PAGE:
CHICO, Calif. (AP) — Handfuls of people who fled the deadliest U.S. wildfire in a century clustered around TV sets at an evacuation center Saturday to watch President Donald Trump survey what remained of their Northern California community.

President Donald Trump talks with from left, Gov.-elect Gavin Newsom, California Gov. Jerry Brown, Paradise Mayor Jody Jones and FEMA Administrator Brock Longduring a visit to a neighborhood destroyed by the wildfires, Saturday, Nov. 17, 2018, in Paradise, Calif. (AP Photo/Evan Vucci/ MANILA BULLETIN)

President Donald Trump talks with from left, Gov.-elect Gavin Newsom, California Gov. Jerry Brown, Paradise Mayor Jody Jones and FEMA Administrator Brock Longduring a visit to a neighborhood destroyed by the wildfires, Saturday, Nov. 17, 2018, in Paradise, Calif. (AP Photo/Evan Vucci/ MANILA BULLETIN)

But for the most part, survivors, some who had barely escaped and no longer had homes, were too busy packing up what little they had left or seeking help to pay much attention to the president’s visit.

Michelle Mack Couch, 49, waited in line to get into a Federal Emergency Management Agency center in the city of Chico. She needed a walker for her elderly mother and tags for her car.

“Let’s hope he gets us some help,” said Couch, who voted for Trump and whose house was among more than 9,800 that burned down last week.

But as far as taking time out to watch the president, she said wryly, “We don’t have a TV anymore.”

California’s outgoing and incoming governors joined Trump as he surveyed the devastation in the town of Paradise, population 27,000, and visited a nearby firefighting command center. Gov. Jerry Brown and Gov.-elect Gavin Newsom welcomed Trump’s visit, declaring it’s time “to pull together for the people of California.”

The tour came as firefighters raced to get ahead of strong winds expected overnight and authorities struggled to locate 1,011 people who were unaccounted for. Authorities stressed that not all on the list are believed missing, but the death toll from the Camp Fire has risen daily, standing at 71.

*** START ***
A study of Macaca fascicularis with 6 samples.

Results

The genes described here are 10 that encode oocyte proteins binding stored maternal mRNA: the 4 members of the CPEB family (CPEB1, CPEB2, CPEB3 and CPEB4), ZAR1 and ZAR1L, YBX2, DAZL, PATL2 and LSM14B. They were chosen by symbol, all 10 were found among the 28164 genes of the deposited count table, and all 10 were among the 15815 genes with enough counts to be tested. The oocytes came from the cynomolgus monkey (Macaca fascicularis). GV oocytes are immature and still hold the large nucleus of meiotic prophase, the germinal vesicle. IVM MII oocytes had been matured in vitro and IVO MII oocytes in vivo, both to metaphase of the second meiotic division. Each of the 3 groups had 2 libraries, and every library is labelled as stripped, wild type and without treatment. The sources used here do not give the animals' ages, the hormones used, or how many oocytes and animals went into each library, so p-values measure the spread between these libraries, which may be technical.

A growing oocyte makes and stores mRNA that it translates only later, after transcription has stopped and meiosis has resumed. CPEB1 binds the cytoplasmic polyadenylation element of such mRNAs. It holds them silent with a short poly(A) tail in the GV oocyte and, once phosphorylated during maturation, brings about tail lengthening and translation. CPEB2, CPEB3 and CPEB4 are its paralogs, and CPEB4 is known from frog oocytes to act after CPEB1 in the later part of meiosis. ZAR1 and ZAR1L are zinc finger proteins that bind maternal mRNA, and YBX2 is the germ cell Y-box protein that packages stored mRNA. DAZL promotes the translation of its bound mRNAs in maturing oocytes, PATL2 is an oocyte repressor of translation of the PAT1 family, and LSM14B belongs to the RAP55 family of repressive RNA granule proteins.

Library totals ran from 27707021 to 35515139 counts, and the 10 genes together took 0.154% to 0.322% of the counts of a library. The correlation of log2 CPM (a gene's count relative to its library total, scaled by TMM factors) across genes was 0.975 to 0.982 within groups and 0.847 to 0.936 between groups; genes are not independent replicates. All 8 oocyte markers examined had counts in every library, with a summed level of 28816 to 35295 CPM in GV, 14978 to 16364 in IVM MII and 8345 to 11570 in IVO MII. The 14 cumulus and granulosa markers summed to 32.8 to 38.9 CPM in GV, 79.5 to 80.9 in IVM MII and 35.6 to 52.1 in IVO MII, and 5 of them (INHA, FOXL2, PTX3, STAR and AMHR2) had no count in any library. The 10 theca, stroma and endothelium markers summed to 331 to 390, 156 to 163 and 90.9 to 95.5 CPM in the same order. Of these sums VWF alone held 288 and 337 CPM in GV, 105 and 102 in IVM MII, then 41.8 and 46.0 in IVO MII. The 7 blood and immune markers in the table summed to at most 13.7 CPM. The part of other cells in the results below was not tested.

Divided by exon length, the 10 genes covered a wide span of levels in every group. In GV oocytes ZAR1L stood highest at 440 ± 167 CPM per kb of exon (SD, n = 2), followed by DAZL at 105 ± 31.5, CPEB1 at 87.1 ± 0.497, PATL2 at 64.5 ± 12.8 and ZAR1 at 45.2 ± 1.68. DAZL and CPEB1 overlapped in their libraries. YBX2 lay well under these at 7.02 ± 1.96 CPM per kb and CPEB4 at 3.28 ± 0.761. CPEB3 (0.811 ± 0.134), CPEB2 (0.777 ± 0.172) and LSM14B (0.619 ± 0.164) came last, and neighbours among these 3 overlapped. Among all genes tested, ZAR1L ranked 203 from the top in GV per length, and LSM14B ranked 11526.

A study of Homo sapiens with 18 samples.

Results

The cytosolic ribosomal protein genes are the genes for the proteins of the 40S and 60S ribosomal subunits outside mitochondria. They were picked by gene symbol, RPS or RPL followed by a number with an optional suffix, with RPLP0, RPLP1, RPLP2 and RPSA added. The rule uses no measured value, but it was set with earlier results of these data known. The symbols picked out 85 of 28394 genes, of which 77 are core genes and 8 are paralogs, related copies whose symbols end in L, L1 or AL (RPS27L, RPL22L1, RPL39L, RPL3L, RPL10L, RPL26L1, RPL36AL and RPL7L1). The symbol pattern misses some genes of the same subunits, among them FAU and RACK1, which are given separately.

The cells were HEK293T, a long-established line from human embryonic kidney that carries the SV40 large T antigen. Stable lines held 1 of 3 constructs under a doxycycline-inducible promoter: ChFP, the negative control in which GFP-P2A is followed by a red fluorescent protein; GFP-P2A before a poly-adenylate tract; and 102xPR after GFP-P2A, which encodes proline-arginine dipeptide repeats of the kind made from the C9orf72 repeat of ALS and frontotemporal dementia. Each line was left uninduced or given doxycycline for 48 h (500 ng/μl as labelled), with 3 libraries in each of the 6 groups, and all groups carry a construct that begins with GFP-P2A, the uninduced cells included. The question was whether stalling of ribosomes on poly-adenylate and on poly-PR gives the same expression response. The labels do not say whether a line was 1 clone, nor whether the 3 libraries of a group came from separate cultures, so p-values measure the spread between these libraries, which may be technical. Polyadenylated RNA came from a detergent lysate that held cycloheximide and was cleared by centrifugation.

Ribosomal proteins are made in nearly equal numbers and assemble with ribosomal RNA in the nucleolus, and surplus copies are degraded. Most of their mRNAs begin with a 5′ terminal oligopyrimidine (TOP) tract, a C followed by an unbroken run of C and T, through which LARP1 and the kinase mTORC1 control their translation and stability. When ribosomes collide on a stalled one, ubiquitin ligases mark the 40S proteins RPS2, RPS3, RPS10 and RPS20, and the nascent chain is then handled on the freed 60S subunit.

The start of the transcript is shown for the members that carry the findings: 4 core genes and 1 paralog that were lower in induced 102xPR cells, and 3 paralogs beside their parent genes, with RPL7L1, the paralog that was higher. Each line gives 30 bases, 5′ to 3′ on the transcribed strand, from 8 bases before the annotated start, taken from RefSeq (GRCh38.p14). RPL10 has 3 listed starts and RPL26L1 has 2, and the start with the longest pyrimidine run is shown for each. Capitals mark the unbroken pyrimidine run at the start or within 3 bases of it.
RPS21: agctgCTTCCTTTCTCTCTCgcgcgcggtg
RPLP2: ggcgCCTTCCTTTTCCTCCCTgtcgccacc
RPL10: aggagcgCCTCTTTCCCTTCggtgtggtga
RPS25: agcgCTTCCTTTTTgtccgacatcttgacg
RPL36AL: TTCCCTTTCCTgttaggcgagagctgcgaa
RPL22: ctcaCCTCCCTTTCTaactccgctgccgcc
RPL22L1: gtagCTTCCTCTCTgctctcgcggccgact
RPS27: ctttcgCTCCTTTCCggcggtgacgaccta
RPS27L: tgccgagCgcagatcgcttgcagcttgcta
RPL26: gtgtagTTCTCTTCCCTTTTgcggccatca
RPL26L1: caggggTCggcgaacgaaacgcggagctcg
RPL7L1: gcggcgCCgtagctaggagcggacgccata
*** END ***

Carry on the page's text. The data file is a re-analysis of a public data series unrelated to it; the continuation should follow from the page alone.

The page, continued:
The fire zone in Northern California is to some extent Trump country. He beat Hillary Clinton by 4 percentage points in Butte County in 2016. That enthusiasm was on display as dozens of people cheered and waved flags as his motorcade went by.

But elsewhere, others were searching for friends. At an unofficial encampment next to a Walmart in Chico, many were packing up to find another temporary place to sleep after being told to leave by Sunday.

That included Maggie Missere-Crowder, who said she was focused on getting her tent and boxes of food into her pickup truck.

Missere-Crowder, 61, and her husband had fled their home in Magalia, a community near Paradise that also was devastated, and now planned to go to a shelter in Yuba City, about an hour’s drive from the Walmart.

She said she was angry about Trump’s tweet last week blaming forest mismanagement for the Nov. 8 fire, a sentiment he evoked in his visit and has stirred resentment among survivors.

“Like we’ve done it on purpose. It’s like a slap in the face,” Missere-Crowder said.

Still, she said that if she met him, she would say, “Think about what you’re saying, because it takes away from all the good stuff you’re doing.”

Al Coppa, who lost two homes and doesn’t know the fate of a third in Magalia, was among a handful of people watching news about Trump’s visit on a TV outside a Red Cross shelter in Chico.

He said he hopes the attention will speed up recovery for wildfire victims.

“I hope that only good comes out of it. Good for the people that have been devastated by this. It’s just such a horrible thing. I couldn’t believe how bad it was,” said Coppa, who has been living in hotels.

Trump also was visiting Southern California, where firefighters were making progress on a wildfire that tore through communities west of Los Angeles from Thousand Oaks to Malibu, killing three people.

In Northern California, thousands of personnel battled the flames spanning about 230 square miles (600 square kilometers), officials said. It was halfway contained.

Firefighters were racing against time with winds up to 40 mph and low humidity expected Saturday night into Sunday. Rain was forecast for midweek, which could help firefighters but also complicate the search for remains.

The number of people unaccounted for has grown to more than 1,000. But Butte County Sheriff Kory Honea acknowledged that the list was “dynamic” and could easily contain duplicate names and unreliable spellings.

The roster probably includes some who fled the blaze and do not realize they have been reported missing, he said.

“We are still receiving calls. We’re still reviewing emails,” Honea said Friday. “This is a massive undertaking. We have hundreds and hundreds of people working on this.”